Sometimes you're compatible as friends, but not hiking partners. These tips will preserve your relationship and keep it off the trails, for good.


We’ve all suffered through these euphemisms before (or have doled them out ourselves), usually during a heartbreaking relational split. We utter them to ease the blow as we tell a partner or love interest it’s time to call it quits. But what happens when it’s not a significant other with whom you’re breaking up, but your hiking buddy?

You’ve probably been there: One day, you wake up, lace up your boots, don your pack, and realize you’re growing apart from your hiking partners. It could be due to something as simple as liking different kinds of trails or as important as preparedness. But whatever the reason, if you have any desire to continue your friendship after your breakup, tread lightly through the turbid waters of redefining the relationship so you don’t damage it irreparably.

A couple wearing raincoats looks out over a foggy, misty lake in the fall in an evergreen forest in Washington state.
Like in your romantic relationships, it takes a lot of time and communication to find a compatible hiking partner. (Photo: Tegra Stone Nuess via Getty Images)

I recently had to do so myself with a couple I’ve hiked and backpacked with many times over the years. I enjoy their company, both on and off the trail, immensely. They’re lively, funny, love to explore, and one of them hikes at the same quick pace as I do.

But on our last backpacking trip together, as soon as I arrived at camp, an hour or so behind my friends who had started earlier in the day, they informed me that they would likely only stay the night, then head back down first thing in the morning instead of spending the next two days backpacking as originally planned. It was colder than they had anticipated, they had forgotten matches (good thing I brought plenty), and they had somehow managed to pack a tent with a bent tent pole.

The same tent that had broken three years earlier, the last time we backpacked together. When they had also hiked out after the first night of a three-day trip.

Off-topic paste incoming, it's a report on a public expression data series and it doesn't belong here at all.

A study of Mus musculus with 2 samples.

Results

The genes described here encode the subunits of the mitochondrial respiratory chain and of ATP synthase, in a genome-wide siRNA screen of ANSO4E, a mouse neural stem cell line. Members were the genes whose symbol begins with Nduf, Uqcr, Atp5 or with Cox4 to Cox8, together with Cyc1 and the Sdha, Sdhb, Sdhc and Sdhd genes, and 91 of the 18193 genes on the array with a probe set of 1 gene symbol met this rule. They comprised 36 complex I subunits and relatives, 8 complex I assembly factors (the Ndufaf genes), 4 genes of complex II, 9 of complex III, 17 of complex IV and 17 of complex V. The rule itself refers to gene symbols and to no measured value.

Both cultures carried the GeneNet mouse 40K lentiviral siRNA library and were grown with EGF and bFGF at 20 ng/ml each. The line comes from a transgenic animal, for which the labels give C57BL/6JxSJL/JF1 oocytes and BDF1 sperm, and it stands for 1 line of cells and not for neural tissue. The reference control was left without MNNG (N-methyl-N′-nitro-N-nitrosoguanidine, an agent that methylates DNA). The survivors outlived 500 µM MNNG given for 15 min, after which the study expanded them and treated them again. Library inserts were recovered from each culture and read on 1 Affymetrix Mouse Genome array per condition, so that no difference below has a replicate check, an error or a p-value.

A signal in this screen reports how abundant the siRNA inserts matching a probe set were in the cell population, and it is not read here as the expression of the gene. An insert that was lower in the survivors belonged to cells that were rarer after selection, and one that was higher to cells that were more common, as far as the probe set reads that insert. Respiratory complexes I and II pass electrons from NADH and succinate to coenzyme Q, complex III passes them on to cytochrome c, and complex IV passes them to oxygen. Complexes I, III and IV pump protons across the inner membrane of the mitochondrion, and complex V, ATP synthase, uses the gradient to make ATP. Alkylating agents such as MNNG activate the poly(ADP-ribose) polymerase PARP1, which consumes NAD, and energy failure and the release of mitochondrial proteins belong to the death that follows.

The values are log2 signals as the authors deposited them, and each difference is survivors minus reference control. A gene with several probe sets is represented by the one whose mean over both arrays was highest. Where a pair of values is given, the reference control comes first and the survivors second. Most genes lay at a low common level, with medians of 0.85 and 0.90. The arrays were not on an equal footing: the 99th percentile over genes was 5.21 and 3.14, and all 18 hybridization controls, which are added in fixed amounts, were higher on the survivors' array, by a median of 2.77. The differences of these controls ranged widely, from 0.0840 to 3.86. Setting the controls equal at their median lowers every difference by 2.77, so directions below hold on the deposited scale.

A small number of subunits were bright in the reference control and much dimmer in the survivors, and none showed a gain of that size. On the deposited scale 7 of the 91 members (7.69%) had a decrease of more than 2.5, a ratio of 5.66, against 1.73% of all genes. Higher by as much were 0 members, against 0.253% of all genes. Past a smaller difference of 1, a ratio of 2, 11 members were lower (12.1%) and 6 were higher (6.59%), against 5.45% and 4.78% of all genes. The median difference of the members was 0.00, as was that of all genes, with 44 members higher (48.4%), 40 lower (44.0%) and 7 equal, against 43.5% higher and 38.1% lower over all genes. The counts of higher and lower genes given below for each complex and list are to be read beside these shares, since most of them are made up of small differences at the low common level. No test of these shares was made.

It was then and there, among the pines and pitched tents, that I knew it wasn’t working and we had to break up. Because, though I would never discourage someone from evacuating the backcountry when they didn’t feel safe or prepared, we were clearly not compatible.

Not because I don’t love them as friends, but because we have very different expectations for outdoor adventure. I revel in roughing it, in getting my boots dirty, in finding solutions to problems in the backcountry (I once forgot tent poles and pitched my tent with a tripod). I am thrilled by the prospect of going far and fast, of pushing my body to the limit. And if I’m being honest, I may be just a bit of a masochist, secretly pleased to suffer through cold nights, wind storms, and 19-mile slogs.

It was clear, however, that these friends did not warmly welcome such experiences. We just want different things, and that’s fine, but if we’re not right for each other, that makes for a stressful experience in the backcountry.Daughter leading father on morning hike up mountainside

You can find a hiking community near you through local Facebook groups. (Photo: Thomas Barwick via Getty Images)

But breakups are tough. Especially when you want to stay friends. So if you’re proposing moving in different directions, here are some tips to ensure everyone comes out of the conversation without their feelings hurt.

  • Be kind. Just like breaking up with a significant other, you don’t want to purposefully cause any mental or emotional anguish. So consider the other person’s feelings; be gentle, but explain why.
  • Take it slow. If you’re more the type to avoid confrontation and don’t mind a slow, steady split, move in that direction one hike at a time. As in, don’t invite them on your next trip. Or the one after that. If they’re the one inviting you, politely decline. They’ll likely stop asking after a few dismissals.
  • Set expectations. If you’re worried your friendship can’t handle a breakup, or you enjoy your friend’s company on the trail but you have different goals, adjust your expectations or make yours a bit clearer. Share what you’d like to accomplish and what it will take to get there.
  • Choose trails wisely. If your goal is to move far and fast and your hiking buddy tends to slow you down, save big hikes for a solo trip or an adventure with others and stick to less aggressive, low-stakes itineraries with your trail bestie.
  • Suggest other activities. Even if hiking is off the table, you can still be friends. Simply suggest other activities like dinner, coffee—hell, even whitewater rafting. In my case, I’ll be skipping backpacking trips with this duo. I’ll still be down to accompany them on dayhikes, brunches, and group runs, because I enjoy their company. I just don’t enjoy how they backpack.

Whatever you do, remember that finding joy outdoors is just as important for them as it is for you. So if it’s over, be kind, be considerate, then get out there and walk it off. There are plenty of fish in the sea (and on the trail).